Spartans’ Gary Cennerazzo is eyeing a strong finish to the season after the anguish of missing the decisive penalty in last weekend’s shootout defeat by arch rivals Whitehill Welfare in the final of the Image Printers East of Scotland Qualifying Cup.
With the match having finished 2-2 after extra-time and, having seen Whitehill’s Wayne Sproule net his spot-kick to hand the Rosewell outfit a 5-4 advantage, the 24-year-old right-back emerged from the centre of the pitch knowing he had to score.
In Cennerazzo’s defence, he followed everything the rule book states. He took his time with his venture forward, made sure the ball was placed on the spot and afforded himself an opportunity to compose himself prior to his run-up. All that was missing was the ball hitting the back of the net as Whitehill goalkeeper Bryan Young dived low to his right and saved the resulting shot, ensuring dejection for the Ainslie Park side.
Having had a few days to reflect on every footballer’s worst nightmare, Cennerazzo said: “I’ve taken penalties in the past, but it’s not something as a full-back you practise a lot of.
“I was confident, though, and had my mind made up, but the goalkeeper made a good save. I could have struck it a bit better perhaps and it always makes it harder when it goes to sudden-death and you’re the one that misses.
“Sunday was a really big disappointment for us all because we played magnificently and we deserved to get our hands on the trophy. But that’s football, sometimes it goes for you and other times it doesn’t. We were hurting for a few days but it’s back to league business now and that is what we are focused on.”
Spartans’ pursuit of cup glory was made all the more difficult early in the second half when top scorer Keith McLeod was shown a straight red card for an off-the-ball tussle with Whitehill defender John Hall. The ten men then became nine in extra-time as Alan Brown was given his second booking in the aftermath of team-mate Sean Muhsin’s goal that put the Ainslie Park club 2-1 ahead.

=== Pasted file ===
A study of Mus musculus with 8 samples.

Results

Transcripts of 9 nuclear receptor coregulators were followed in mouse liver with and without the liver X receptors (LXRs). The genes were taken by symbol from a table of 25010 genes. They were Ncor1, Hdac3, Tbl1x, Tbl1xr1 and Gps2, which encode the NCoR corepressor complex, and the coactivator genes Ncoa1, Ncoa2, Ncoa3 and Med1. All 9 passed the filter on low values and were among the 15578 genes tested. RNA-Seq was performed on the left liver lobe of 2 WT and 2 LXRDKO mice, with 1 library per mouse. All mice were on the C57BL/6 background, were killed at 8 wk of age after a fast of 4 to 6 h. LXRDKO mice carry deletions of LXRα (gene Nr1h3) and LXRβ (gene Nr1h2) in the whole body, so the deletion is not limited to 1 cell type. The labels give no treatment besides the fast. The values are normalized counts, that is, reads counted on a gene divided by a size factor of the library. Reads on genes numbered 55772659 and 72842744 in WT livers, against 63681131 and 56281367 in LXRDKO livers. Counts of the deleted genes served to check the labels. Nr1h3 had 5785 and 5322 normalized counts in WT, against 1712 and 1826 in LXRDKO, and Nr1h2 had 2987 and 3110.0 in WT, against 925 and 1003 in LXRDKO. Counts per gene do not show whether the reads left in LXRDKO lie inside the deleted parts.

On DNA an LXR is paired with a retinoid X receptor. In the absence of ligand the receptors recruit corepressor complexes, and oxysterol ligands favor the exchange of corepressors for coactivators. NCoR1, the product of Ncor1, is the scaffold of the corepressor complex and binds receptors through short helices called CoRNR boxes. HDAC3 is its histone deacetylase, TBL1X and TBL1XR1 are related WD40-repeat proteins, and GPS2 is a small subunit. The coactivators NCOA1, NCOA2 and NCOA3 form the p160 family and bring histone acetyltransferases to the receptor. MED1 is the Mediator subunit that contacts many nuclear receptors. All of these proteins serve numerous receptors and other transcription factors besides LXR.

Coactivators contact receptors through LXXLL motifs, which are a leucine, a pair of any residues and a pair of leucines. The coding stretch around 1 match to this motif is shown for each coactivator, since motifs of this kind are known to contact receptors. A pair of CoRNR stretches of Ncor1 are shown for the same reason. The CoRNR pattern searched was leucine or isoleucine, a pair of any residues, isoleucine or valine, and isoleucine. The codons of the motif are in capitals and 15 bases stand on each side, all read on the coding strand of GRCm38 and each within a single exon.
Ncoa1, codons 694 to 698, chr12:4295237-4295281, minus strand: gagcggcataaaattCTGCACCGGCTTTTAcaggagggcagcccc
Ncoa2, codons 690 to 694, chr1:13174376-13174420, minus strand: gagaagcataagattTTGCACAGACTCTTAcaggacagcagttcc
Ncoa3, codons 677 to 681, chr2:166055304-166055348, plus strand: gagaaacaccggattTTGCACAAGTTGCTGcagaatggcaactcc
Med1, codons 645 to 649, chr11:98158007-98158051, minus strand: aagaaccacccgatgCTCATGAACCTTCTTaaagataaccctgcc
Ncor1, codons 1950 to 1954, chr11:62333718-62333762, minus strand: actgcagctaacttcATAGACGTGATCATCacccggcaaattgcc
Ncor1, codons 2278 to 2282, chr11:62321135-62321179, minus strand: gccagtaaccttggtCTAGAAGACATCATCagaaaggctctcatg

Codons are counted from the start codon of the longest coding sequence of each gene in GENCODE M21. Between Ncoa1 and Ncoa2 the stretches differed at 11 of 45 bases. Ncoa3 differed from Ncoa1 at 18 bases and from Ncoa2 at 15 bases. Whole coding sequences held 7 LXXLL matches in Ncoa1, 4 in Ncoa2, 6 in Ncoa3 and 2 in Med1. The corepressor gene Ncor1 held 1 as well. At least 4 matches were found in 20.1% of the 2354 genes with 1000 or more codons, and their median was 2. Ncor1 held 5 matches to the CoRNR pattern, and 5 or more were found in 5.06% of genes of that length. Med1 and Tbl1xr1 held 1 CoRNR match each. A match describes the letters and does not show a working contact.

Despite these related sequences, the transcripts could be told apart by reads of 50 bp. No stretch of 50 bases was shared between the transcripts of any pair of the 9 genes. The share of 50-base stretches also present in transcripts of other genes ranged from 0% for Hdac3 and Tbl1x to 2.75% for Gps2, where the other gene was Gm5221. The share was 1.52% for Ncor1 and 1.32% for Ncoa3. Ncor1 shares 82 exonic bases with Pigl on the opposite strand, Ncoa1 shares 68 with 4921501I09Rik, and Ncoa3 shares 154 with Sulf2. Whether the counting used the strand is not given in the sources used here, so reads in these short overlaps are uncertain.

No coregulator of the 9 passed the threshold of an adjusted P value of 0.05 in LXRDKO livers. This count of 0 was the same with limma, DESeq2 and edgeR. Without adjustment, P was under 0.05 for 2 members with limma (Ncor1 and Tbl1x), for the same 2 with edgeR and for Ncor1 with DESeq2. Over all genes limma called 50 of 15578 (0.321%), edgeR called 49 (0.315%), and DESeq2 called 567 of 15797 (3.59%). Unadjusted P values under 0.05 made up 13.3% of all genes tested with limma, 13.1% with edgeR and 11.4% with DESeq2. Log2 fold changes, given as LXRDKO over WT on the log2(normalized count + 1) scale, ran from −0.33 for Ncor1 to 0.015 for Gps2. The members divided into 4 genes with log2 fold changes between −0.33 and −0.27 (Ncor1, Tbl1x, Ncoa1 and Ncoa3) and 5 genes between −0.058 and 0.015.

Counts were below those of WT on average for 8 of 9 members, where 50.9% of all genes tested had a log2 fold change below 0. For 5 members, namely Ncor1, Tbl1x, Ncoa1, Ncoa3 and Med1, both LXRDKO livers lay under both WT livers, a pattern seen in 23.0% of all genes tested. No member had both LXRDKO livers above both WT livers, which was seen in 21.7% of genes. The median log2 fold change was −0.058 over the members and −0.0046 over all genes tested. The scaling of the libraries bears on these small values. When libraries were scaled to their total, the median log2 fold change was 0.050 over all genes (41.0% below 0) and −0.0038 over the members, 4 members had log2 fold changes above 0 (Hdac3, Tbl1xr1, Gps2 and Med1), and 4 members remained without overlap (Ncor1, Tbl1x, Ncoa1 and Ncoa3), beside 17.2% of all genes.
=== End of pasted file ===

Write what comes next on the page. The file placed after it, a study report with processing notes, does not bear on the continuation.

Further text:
“We know what we’re capable of,” Cennerazzo said. “Once we went down to ten men we were always going to be up against it, but we were actually disappointed we didn’t win the game before penalties so that shows you just how well we played.
“I’m very passionate about the game and it did feel as if the world had just ended after I missed, but the guys and the fans were brilliant telling me to keep my head up and supporting me.
“I’m hungrier than ever now to get that league title and succeed as a team.”
Spartans responded positively to their cup final heartache, with a 3-1 victory over Threave Rovers in Dumfries on Wednesday night stretching their lead over Stirling University at the top of the table to six points, albeit the students do have a game in hand.
With Gretna 2008 the visitors to Ainslie Park tomorrow, the business end of the season is producing just the calibre of fixtures that Cennerazzo and his team-mates had hoped for in the inaugural Lowland League season. He said: “Each game is massive now. We know Stirling are playing good football so we’ve got to be 100 per cent committed and can’t afford any slip-ups. We know what to expect from Gretna tomorrow.”